PAPERBACKS Fiction -- Fiction weeks on list 1. True Detectives by Jonathan Kellerman (Ballantine: $27) 1 Two crime solving brothers find themselves assigned to the same missing persons case. 2. Eclipse by Stephenie Meyer (Little, Brown: $19.99) Bella 38 must choose between her lover and a friend, between life and death. 3. Long Lost by Harlan Coben (Dutton: $27.95) Private eye 1 Myron Bolitar takes the case of a woman accused of murdering her ex. 4. Breaking Dawn by Stephenie Meyer (Little, Brown: $22.99)
September 12, 2006 | Robin Abcarian, Times Staff Writer
Let's say there's a famous movie star who thinks he owns Malibu, or a big-name actor who holds himself out as an expert on psychiatry on national television. Or maybe there's a famous actress who frequently calls in sick to the movie set, costing producers thousands of dollars, because she is tired (or hung over). Aren't these examples just proof that celebrity and narcissism go together like Paris Hilton and paparazzi? Not really. They're just anecdotes.
November 13, 2006 | Lorenza Munoz, Times Staff Writer
When it comes to the movie business, John Malone, the Colorado billionaire who built his fortune in cable TV, for years lived by the mantra "Why build it when you can buy it?" It took some convincing, but Liberty Media Corp.'s chairman is finally ready for his Hollywood close-up. With the help of entertainment veterans Chris McGurk and Danny Rosett, Liberty is launching Overture Films, which aims to produce eight to 12 live-action movies a year under the umbrella of its Starz cable channels.
October 27, 2006 | Joe Mozingo, Times Staff Writer
Nine members of the Vineland Boyz street gang in the San Fernando Valley were convicted Thursday in a federal racketeering and drug trial, part of a sweeping campaign by law enforcement to rout the gang after the shooting death of a rookie police officer. A jury found one of the defendants -- Gilberto Carrasco, 27 -- guilty as an accessory after the fact to the killing of Burbank Officer Matthew Pavelka during a traffic stop in November 2003.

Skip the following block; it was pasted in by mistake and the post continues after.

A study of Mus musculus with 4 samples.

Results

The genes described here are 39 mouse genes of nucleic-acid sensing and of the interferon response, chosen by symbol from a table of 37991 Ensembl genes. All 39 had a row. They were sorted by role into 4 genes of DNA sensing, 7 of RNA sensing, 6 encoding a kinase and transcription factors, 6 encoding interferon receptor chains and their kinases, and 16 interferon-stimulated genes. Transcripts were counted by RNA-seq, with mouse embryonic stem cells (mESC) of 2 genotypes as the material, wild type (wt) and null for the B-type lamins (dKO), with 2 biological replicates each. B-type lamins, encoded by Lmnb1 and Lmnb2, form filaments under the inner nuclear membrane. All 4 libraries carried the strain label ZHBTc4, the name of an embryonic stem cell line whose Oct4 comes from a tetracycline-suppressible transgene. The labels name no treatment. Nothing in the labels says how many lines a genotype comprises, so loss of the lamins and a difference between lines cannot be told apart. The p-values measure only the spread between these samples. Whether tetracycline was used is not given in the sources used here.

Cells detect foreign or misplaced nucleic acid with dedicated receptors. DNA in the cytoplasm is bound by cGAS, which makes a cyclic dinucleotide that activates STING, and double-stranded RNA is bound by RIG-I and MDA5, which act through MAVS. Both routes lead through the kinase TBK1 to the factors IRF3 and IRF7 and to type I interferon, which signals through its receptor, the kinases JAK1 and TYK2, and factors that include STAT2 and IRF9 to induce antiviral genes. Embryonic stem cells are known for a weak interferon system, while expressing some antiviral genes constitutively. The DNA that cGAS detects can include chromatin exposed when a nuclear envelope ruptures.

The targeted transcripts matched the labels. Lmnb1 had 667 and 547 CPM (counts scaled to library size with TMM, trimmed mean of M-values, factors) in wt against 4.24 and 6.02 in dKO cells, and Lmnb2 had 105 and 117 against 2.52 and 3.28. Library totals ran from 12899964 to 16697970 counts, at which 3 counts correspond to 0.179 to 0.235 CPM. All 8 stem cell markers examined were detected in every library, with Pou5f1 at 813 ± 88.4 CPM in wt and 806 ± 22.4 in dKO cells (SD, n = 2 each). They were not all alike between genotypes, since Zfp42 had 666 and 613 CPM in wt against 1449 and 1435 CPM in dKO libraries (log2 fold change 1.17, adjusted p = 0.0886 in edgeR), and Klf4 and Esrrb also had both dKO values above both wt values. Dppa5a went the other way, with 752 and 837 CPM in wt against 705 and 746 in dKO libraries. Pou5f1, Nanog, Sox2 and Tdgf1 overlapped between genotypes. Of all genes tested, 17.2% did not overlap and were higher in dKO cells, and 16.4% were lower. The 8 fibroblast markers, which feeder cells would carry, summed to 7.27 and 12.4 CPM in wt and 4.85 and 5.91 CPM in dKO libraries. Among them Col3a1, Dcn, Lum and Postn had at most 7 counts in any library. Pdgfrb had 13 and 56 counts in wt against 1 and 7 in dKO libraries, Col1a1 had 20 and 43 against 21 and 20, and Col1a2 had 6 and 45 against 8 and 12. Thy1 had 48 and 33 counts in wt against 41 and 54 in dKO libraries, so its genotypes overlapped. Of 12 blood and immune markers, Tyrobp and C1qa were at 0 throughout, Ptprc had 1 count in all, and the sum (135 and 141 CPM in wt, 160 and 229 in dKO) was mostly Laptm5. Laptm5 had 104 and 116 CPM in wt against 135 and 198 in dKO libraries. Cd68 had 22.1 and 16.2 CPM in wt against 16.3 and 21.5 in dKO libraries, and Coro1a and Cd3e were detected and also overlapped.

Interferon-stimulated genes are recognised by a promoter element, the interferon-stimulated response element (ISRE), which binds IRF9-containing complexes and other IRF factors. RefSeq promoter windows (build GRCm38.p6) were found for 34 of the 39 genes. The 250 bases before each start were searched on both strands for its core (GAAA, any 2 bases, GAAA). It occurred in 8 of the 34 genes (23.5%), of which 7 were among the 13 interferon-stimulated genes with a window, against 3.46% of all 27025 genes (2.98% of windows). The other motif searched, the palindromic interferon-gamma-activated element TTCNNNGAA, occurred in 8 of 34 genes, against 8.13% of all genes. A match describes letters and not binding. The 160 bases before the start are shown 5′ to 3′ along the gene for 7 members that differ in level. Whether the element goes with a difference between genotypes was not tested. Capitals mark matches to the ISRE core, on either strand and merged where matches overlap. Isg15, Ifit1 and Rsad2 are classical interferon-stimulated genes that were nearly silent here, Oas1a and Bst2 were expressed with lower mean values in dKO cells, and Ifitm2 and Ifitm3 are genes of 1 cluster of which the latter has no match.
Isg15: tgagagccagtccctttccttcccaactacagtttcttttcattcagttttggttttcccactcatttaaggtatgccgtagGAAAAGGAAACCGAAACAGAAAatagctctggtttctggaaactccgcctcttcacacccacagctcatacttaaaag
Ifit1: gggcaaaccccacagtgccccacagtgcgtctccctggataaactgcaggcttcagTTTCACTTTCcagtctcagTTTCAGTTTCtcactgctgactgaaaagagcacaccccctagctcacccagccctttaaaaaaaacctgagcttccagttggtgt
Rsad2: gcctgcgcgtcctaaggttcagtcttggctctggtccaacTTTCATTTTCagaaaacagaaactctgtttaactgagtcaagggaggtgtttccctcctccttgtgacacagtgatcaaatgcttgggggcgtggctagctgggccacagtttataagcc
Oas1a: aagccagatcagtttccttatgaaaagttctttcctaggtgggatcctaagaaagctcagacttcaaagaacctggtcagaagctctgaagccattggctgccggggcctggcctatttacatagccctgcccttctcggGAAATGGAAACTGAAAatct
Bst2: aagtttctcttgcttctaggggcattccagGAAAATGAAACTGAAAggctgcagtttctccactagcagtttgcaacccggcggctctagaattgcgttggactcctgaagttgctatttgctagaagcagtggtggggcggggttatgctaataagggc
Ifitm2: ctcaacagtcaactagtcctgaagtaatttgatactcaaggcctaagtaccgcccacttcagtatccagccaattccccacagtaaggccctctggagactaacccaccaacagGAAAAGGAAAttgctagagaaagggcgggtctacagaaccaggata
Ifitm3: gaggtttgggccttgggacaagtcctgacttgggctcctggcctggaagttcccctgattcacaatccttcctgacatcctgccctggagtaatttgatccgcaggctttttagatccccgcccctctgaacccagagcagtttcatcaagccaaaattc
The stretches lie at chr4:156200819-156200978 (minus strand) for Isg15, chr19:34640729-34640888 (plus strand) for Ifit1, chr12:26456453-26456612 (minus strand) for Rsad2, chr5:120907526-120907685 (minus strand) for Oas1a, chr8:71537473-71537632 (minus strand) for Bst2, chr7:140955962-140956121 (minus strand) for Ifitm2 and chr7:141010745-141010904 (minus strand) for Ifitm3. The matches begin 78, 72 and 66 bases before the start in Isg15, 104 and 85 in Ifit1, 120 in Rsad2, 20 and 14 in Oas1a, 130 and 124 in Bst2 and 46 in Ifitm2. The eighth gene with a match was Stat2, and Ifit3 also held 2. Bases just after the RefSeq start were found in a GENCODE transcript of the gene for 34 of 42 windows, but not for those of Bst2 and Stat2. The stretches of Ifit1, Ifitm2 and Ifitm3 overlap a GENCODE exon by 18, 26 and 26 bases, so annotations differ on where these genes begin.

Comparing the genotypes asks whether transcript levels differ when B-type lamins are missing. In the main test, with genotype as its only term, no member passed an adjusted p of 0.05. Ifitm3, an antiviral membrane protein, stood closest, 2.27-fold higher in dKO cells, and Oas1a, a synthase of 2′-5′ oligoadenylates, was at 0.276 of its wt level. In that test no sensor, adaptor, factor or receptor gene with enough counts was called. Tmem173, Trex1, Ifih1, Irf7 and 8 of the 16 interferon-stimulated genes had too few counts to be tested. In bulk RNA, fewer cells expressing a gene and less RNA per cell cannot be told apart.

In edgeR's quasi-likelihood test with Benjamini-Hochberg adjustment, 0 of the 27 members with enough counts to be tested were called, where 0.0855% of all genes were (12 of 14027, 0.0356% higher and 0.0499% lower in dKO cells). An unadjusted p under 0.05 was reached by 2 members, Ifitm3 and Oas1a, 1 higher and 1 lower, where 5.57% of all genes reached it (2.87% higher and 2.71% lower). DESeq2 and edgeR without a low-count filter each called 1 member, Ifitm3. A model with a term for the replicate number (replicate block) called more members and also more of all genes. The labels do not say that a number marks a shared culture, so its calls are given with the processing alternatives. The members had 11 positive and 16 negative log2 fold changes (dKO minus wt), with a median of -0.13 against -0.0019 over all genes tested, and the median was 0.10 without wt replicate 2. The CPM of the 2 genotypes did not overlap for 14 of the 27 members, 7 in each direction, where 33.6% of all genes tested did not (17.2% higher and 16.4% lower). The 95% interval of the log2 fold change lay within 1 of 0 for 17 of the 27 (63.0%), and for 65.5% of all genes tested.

August 3, 2009 | W.J. Hennigan
The full blaze of the midday sun shone down on Dodger Stadium, and heat waves danced on the infield dirt. But the Dodgers weren't poised to take the field. In fact, the only Dodger present was Andre Ethier, and he was sprawled on a yoga mat in pigeon pose. All around him, about 100 fans were similarly contorted -- having paid $100 a pop for the privilege. In the brave new world of sports marketing, it's not always enough to sell game tickets or offer high-priced trips to spring training.
January 16, 2008 | Meg James, Times Staff Writer
The queen of television is expanding her empire. Oprah Winfrey and Discovery Communications Inc. said Tuesday that they were forming a company with a flagship cable channel to be called OWN: The Oprah Winfrey Network. The channel is expected to debut in mid-2009, taking the place of the underperforming Discovery Health Channel. The venture could be Winfrey's encore once she exits daytime television.
November 3, 2006 | Claire Hoffman, Times Staff Writer
As Hollywood studios make fewer movies in an effort to tighten their belts, top talent agencies quietly have sauntered into the void, becoming de facto bankers by enticing private equity money and wealthy outsiders to fund movies featuring their clients. The trend marks a significant shift for Hollywood, where studios have long served as the largest source of film financing.